I Started Grocery Shopping Like a Grown-Up and I Have Mixed Feelings About It

published Mar 10, 2020

But my daily shopping habits came with a big downside: I was spending an astronomical amount of money on groceries. I fully realized just how much when my friend, who is a mother of four teenage boys, revealed how much she spends on groceries. I blushed: My own amount didn’t fall too far from hers.

To figure out what exactly I spending all that money, I decided to monitor my purchases for a few weeks. Here’s what I learned.

What I Learned from Monitoring My Daily Grocery Store Habit

The biggest downside of letting your intuition and cravings guide your grocery purchases is that it’s difficult to make informed, rational decisions that are good for your wallet and the planet. I learned that my daily grocery-store trips led to a few common mistakes.

1. I often bought duplicates of things I already had at home.

I realized this one day after trying to make room for some tamari and seaweed-flavored rice cakes in my cupboard. Real estate was tight because I already had two full packages. How many rice cakes does a woman need?

2. I bought way too many snacks.

Although I always came home with staples like eggs, milk, produce, and proteins, I also couldn’t say no to a few snacky, packaged items. There’s no shame or harm in buying these things, but there’s no way I needed seven different types of whole-grain crackers growing stale in my cabinets.

3. I let produce wilt because I didn’t “feel like cooking it.”

I would often silently kill a bunch of kale from yesterday’s trip to the supermarket because I would rather eat the collards that called out to me that afternoon. I’m not proud of this. Food waste is a serious issue, and the fact that I compost doesn’t excuse my bad behavior.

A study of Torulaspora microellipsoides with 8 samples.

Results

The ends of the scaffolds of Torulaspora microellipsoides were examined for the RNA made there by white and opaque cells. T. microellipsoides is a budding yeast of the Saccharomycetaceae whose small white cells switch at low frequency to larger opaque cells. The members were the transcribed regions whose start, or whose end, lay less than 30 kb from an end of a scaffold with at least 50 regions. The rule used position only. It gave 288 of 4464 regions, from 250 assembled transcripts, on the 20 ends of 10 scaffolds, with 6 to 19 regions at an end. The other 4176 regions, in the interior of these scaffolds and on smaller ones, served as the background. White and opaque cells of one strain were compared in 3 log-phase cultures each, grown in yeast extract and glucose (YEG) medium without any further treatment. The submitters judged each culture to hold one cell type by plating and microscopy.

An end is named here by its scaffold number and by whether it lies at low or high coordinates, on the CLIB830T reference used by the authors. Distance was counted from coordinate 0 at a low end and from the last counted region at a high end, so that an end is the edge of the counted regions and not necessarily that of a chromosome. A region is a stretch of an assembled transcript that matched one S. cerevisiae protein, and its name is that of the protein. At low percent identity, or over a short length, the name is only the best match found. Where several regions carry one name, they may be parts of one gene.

Credit: Joe Lingeman

What I Learned from Grocery Shopping Once a Week

After my monitoring experiment, I made a vow to be kinder to my wallet and the planet by sticking to a new plan: For the last month, I have been grocery shopping once a week. No more. No matter how much I tried to convince myself I “needed” to. Here’s what I learned.

1. You should do a full inventory before going shopping.

I found it immensely helpful to actually open every cupboard and drawer in the fridge, taking stock of best-by dates and the fullness of containers. This helped cut down on duplicates that will expire or go bad before I can finish them all.

2. You should make a list — and stick with it.

This is the oldest trick in the book, but it works. The only exception I made here was with produce. As someone who eats a lot of veggies, I know that I can figure out how to add just about anything into my rotation. So if I wrote “carrots” on the list, but they were all floppy and flimsy, I’d go for the parsnips instead. The key is to ask yourself honestly how much you can realistically cook and eat. Don’t load up on more delicious veg than you can handle just because they’re perky and fresh.

3. You should keep staples on hand to make “meh” meals better.

At the end of the week, I found myself cooking a lot of “use it up” meals. Good for combatting food waste, not so great for culinary creativity. I leaned heavily on my store of finishing oils, condiments, and sauces to make roasted tofu and veggies (again) taste like a treat.

How I Feel About Grocery Shopping Like an Adult

Although I’ve definitely saved money, I will admit that I feel less inspired by my larder. I used to feel like I “deserved” to cook food that inspired me, every day. But lately I’ve been wondering: Don’t I also “deserve” to feel financially secure? I think with a little more practice, I can find a happy medium.